Before watching the Beer Wars Movie, I picked up Jeff Ramberg and we met up with Scott Johnson and his wife at Stoney’s British Pub on Rt. 202. The Johnsons were having dinner, but Jeff and I just had beer. Soon Jerry Carney joined us.
At a quarter til eight, we left for the show. We arrived at the theater with minutes to spare and rode two flights of escalators to the main section. The theater was filled, but we easily found an empty row of seats.
The show started with a live feed from Director Anat Baron in an LA theater, I believe. She introduced the documentary live and had some trouble reading her script, but managed to get through it quickly enough.
The documentary itself was very good. Sam Calagione of Delaware’s Dogfish Head Brewery, was one of the stars of the show, as well as Greg Koch from Stone Brewing and Rhonda Kallman of New Century Brewing. The crowd in the theater quickly applauded as Sam was introduced. Being the closest theater to Dogfish, there seemed to be a large number of fans and probably employees of the brewery on hand. Later I noticed a bus in the parking lot which must have been for the folks coming up from down state where the brewery is. That had to have been a great trip! LOL!
The rest of the movie was very informative describing the grip that the big brewers have over the beer industry. Beer advertising, distribution and government lobbies were highlighted.
There was a funny scene with a blind taste test for uninformed American beer drinkers who were asked to choose their favorite between a sample of Bud Lite, Miller Lite and Coors Lite. There were nothing but wrong guesses! These people were clueless about the beer they drink. They are truly Bud drinking zombie drones! LOL!
At times the film seemed like an infomercial for Sam Calagione and Dogfish Head. Fortunately, Sam was entertaining and seemed very comfortable in front of a camera. There were lots of shots of the Dogfish brewery as well as some in Sam’s home.
The other infomercial-type exposure was for Rhonda Kallman of New Century Brewing who was hawking her Moonshot brand of beer spiked with 69 mgs of caffeine. Kallman was portrayed as a tough businesswoman and beer entrepreneur. I cannot comment on her beer, because I have never had it. One thing noticeable was while the rest of the film highlighted the importance of ‘taste’ in beer, I don’t think Rhonda Kallman once described the taste of Moonshot beer. All the talk was about the uniqueness of the caffeine, her efforts to launch the brand and her battle with the big brewers to distribute it. I will have to try it to see how it actually tastes.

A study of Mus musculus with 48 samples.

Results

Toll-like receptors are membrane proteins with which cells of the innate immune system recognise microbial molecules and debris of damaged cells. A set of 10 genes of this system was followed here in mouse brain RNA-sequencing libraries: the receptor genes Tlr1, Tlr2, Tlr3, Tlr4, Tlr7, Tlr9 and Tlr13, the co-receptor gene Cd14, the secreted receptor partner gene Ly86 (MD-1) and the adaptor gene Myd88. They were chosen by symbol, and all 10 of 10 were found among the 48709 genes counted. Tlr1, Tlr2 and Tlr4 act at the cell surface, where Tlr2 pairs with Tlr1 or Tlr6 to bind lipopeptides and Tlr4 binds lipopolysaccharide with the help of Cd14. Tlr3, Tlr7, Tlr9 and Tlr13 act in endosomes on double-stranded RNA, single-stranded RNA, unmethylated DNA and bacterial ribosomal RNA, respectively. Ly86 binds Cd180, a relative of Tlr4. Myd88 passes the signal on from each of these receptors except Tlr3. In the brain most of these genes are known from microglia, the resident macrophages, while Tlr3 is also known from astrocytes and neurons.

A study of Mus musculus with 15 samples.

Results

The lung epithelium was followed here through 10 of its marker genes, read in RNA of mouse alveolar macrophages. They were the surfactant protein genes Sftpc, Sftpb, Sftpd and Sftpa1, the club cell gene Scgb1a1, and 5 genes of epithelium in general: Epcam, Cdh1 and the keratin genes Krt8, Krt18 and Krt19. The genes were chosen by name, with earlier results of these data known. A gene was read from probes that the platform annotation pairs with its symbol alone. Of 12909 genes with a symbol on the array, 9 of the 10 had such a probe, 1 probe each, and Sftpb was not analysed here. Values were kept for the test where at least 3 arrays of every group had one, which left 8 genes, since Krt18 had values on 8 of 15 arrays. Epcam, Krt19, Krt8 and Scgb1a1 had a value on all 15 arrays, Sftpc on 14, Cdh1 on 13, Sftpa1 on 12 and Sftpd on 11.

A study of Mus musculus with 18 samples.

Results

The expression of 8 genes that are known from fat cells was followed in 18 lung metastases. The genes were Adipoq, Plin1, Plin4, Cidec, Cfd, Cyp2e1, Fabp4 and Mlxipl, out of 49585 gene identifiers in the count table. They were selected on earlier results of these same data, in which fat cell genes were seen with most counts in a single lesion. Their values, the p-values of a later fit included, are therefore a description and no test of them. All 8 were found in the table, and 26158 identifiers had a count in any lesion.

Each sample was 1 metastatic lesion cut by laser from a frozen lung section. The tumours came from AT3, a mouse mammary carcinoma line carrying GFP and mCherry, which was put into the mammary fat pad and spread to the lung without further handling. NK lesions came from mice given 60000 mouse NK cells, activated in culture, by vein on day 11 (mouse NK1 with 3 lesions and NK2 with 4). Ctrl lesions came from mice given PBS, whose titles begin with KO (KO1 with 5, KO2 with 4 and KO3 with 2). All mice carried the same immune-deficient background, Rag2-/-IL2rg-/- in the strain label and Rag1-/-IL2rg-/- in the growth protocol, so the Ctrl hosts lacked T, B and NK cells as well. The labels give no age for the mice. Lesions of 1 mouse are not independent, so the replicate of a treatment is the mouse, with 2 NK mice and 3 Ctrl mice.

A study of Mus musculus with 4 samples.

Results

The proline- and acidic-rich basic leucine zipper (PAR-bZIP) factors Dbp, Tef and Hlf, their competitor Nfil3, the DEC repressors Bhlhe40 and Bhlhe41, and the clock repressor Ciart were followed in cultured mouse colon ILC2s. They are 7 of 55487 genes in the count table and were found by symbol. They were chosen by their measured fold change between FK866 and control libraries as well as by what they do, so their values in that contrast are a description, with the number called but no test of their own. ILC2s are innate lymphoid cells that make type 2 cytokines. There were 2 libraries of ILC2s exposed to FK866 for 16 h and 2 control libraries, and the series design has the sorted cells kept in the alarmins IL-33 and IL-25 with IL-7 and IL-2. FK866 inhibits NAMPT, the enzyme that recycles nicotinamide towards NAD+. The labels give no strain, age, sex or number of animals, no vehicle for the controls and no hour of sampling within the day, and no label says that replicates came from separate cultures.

Director Anat Baron had a lot of screen time narrating the film. Her background as general manager at Mike’s Hard Lemonade, gave her a unique perspective in the alcoholic beverage industry. I about choked when she referred to Mike’s Hard Lemonade as part of the “beer” industry, though! LOL! One of the funniest parts of the film was when in a hotel lobby, she tried to interview August Busch IV, president and CEO of Anheuser-Busch. Anat told him she was doing a documentary film about the beer industry and Busch asked her to send him her card, as he brushed past her. LOL!
Charlie Papazian, homebrewing guru and President of the Brewers Association, was also a delight. I still have his book, the Complete Joy of Homebrewing, which I bought when I first started brewing almost 20 years ago.
After the documentary, which ran for about an hour and a half, Ben Stein moderated a discussion panel with several of the prominent contributors of the film. One of the most notable exchanges was Stein’s questioning Greg Koch’s choice in name for Arrogant Bastard Ale. Also, Sam described the story behind a beer he temporarily named Golden Showers Ale. LOL!
After the end of the show, we ventured back to Stoney’s for one last brew. John Cook, who we met at the theater, could not join us as he had to get to work early the next morning. Overall, it was a great event, both educational and entertaining.